By David Swanson
Sep 16, 2013
When something goes right
Oh, it’s likely to lose me
It’s apt to confuse me
It’s such an unusual sight
Larry Summers has proven unacceptable to oversee the continued destruction of the U.S. economy. The U.S. public has successfully rejected proposed missile strikes on Syria. My Congressman was among the majority who listened. Today was beautiful. The Orioles won. The Cowboys lost. The University of Virginia avoided losing by not playing. My family is expecting a new baby. I’ve finished a new book, which Kathy Kelly has written a beautiful foreword for. I have a sense that if the universe were right now campaigning on “hope and change” I might seriously consider voting for it.
I’m also pretty sure that if everything in my personal life were going slightly to hell and Larry Summers were crowned king of Wall Street, and the Dallas Cowboys were to win (darn them!), my sense of this moment in the movement against U.S. militarism would remain essentially the same. A major victory has been won, and we need to claim it and celebrate it.
Imagine the euphoria — or don’t imagine it, just remember it — when this country elects a new president whose main redeeming feature is that he isn’t the previous president. For personality fanatics that’s big stuff. And there are big parties. For policy fanatics — for those of us interested in seeing policies change rather than personalities — that kind of moment is right now. We need some parties, and if spontaneity is beyond us, perhaps we can use the International Day of Peace on September 21st for a combination celebration / discussion during which we explain to ourselves that it really is OK to celebrate.
Yes, many people in this country and around the world are suffering horrible tragedies in their personal lives and as a result of public events. Yes, the horrors in Syria, as in many other places, continue. Yes, the CIA is arming terrorists in Syria. Yes, the president whose missile strikes we prevented is taking credit for that restraint, just as he would have taken credit for the carnage had we not stopped him — and he’s threatening to bring the missile strikes back. Yes, if we let down our guard for a moment, the president and Congress and the CIA will do their worst. Yes, the danger for Iraq and Libya really loomed large after they had given up nuclear and chemical weapons, not before. Yes, lots of people opposed bombing Syria because they didn’t think Syrians deserved such favors. (No, I’m not making that up.) Yes, the corporate media is pretending that the threat of war brought peace, ignoring the successful insistence on peace by the people of the world.
But that’s why we have to celebrate what really happened. We have to announce it. The point is not to take credit. No one person or group did this. People espousing a variety of ideologies did it. And they did it over many years. Millions contributed. The point is that war was popularly rejected.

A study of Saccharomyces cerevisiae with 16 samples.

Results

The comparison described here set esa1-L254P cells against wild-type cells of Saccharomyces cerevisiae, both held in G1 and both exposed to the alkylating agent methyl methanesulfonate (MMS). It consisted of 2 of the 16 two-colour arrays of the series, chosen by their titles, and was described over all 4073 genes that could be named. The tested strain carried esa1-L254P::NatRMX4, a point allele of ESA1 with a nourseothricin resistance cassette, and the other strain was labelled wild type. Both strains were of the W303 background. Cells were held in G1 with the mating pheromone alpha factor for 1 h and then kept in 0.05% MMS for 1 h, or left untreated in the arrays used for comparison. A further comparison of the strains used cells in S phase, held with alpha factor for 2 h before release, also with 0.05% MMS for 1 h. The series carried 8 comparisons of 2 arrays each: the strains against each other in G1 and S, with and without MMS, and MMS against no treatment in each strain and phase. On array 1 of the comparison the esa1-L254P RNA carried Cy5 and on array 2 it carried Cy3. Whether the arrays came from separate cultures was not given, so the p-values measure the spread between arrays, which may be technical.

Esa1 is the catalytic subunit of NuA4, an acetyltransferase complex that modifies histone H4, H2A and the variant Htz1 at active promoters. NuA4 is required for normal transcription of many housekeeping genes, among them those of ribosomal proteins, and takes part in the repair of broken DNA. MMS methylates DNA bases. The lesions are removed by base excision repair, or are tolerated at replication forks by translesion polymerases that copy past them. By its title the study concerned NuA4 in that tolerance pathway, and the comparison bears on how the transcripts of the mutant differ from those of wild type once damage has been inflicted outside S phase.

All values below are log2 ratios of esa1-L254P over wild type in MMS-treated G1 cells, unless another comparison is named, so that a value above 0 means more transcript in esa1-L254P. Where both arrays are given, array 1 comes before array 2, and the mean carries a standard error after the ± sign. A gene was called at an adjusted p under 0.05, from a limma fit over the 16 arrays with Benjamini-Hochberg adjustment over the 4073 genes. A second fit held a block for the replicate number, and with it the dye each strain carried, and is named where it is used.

Why does this matter? It’s not a case for optimism, or for pessimism. I continue to have very little use for either bit of self-indulgence. The forces that press for more wars have not gone away. Neither have they been empowered. The point is that those who nonsensically proclaim that stopping wars is impossible cannot get away with saying that anymore.
You know the types. They show up at meetings, wait for the question-and-answer period, and then give a speech on how everything is utterly hopeless. Those speeches should be laughed away within the first five seconds now. And the many, many people who had begun ever so slightly to take that defeatist nonsense seriously can now be relieved of that weight. The danger now is not of being a sucker who proclaimed good news just before a genocide. The danger is of joining in the foolish campaign of the war propagandists by pushing the lie of powerlessness on people just after they prevented a war.
Do we still have to prevent a war again this week? Of course, we do. Do we have to take on the larger task of organizing peace and preventing crises? We do. Do we need to build a movement for the abolition of war that reaches beyond opposition to each immediate war proposal? You’d better believe it. But this is what we wanted in 2001 and 2003. Well, some of us did — that’s the point. We’re larger now, even if it’s not made visible. As long as we went on failing to prevent wars, people could say we’d never prevent them. There’s no science or logic behind such an assertion, but it still has power in it. Or it did, until now. Now we can claim with equal validity that we’ll stop every single war proposed from here on out. Of course we might or we might not, but we know that it’s up to us, that it depends on what we do, that little steps that appear useless at the time can help, and that changes to our culture can outweigh changes to the Pentagon budget, the global climate, crises in capitalism, or any other supposedly unstoppable force.
After World War I, people in the United States understood the need to eliminate war. Again, after Vietnam, many understood it almost that much. They developed the Vietnam Syndrome, a level of healthy resistance to more wars lamented as a disease by Washington. Now we’re moving back in that direction. War resistance is the health of the people. We’re not developing a syndrome. We’re developing an immunity. We’ve been vaccinated against war. We’re not as allergic to the propaganda as we once were. We’re war resistant, and our task is to compel those in power not to lament our syndrome this time, but to share in our contagious good health.